Anime Programming in the US
Making a Living in Manga in Japan with Felipe Smith
Lost in Translation
As you can see, the line to get in New People was pretty massive. You can also see here that a lot of these people are wearing frilly dresses and gazing longingly towards the second floor, where the Baby, the Stars Shine Bright store is located. We'll talk a bit about that craziness in a moment, but first, let's talk about how this place looks.
In keeping with the alternative culture flavor of its many attractions, it should come as no surprise that the west wall of the main lobby is adorned with phrases like "stay out late" and "talk to strangers.*" The lobby includes a little cafe space, which sells a variety of cookies, coffees, and bento boxes. The prices are a little steep (a bento box will set you back about ten dollars), but nothing is prohibitively expensive, and the portion sizes are decent. There are also chocolate truffles for you chocolate addicts out there.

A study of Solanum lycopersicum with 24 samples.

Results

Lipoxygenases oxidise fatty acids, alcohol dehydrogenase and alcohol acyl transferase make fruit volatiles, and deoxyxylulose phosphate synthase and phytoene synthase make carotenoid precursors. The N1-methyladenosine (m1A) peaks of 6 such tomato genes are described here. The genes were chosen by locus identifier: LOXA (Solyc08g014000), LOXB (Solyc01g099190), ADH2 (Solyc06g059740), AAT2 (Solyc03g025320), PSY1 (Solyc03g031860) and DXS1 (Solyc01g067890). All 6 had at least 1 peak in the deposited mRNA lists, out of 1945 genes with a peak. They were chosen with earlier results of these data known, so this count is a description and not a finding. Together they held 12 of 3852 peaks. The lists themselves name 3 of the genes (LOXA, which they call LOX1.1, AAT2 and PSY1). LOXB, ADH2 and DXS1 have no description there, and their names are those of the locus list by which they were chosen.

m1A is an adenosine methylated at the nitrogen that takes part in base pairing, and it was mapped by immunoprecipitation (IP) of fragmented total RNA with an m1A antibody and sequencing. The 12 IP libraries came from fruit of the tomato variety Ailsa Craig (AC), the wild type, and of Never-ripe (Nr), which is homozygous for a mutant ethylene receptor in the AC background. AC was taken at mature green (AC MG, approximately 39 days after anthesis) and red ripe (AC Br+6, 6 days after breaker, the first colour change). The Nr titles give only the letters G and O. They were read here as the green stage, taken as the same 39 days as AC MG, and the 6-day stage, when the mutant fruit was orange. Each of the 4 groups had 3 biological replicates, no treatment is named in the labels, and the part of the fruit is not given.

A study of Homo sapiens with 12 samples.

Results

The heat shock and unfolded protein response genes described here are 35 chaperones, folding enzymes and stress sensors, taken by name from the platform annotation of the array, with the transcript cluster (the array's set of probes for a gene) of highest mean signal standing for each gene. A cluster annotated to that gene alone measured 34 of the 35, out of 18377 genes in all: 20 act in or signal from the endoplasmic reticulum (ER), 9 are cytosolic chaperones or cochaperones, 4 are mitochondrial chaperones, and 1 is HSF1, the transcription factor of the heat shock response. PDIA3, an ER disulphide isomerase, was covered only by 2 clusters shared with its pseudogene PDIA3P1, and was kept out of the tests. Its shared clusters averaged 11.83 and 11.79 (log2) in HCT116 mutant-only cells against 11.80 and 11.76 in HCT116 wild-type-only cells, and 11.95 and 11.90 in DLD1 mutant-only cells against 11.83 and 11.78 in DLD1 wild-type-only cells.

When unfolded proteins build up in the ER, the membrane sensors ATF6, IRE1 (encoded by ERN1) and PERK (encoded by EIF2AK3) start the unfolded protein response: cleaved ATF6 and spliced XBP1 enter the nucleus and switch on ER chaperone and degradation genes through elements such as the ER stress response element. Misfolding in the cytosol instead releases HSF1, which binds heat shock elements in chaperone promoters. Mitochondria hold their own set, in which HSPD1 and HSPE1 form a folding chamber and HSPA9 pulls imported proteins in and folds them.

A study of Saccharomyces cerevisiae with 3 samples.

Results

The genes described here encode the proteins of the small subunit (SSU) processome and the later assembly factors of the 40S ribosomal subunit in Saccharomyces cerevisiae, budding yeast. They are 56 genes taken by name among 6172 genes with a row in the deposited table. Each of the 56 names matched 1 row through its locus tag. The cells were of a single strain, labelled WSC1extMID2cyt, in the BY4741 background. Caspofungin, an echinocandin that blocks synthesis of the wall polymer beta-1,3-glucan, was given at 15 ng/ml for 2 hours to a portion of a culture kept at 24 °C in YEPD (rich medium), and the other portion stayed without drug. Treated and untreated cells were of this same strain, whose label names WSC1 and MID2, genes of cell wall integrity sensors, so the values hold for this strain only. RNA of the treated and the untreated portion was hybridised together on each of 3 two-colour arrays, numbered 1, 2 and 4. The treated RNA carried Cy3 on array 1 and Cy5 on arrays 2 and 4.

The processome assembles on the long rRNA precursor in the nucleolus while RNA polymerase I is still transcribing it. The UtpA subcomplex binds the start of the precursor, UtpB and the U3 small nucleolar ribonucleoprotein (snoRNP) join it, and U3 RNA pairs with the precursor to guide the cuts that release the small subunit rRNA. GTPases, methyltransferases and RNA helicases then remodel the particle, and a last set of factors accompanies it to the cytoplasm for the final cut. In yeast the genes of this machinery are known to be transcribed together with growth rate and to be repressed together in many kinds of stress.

The lobby also features this painting by Yoshitaka Amano, whose work is currently featured in the art gallery on the third floor. Downstairs is the Viz Cinema, a 143-seat movie theater for film screenings. Unfortunately, the theater was off limits during the center's first open hours (but I've been told it's pretty comfortable). So, instead of heading downstairs, I opted to head up to the top of the center and work my way down. Upon entering the stairwell, I discovered that it too is adorned with random drawings on the wall by "Noritake." The most amusing of these was this fellow:
A few more photos of the first floor are below. Otherwise, join me as we climb to floor number three!
* - For the record, the center wall does not include any truly controversial phrases like "set things on fire" or "drink in public," so don't get any wacky ideas, okay?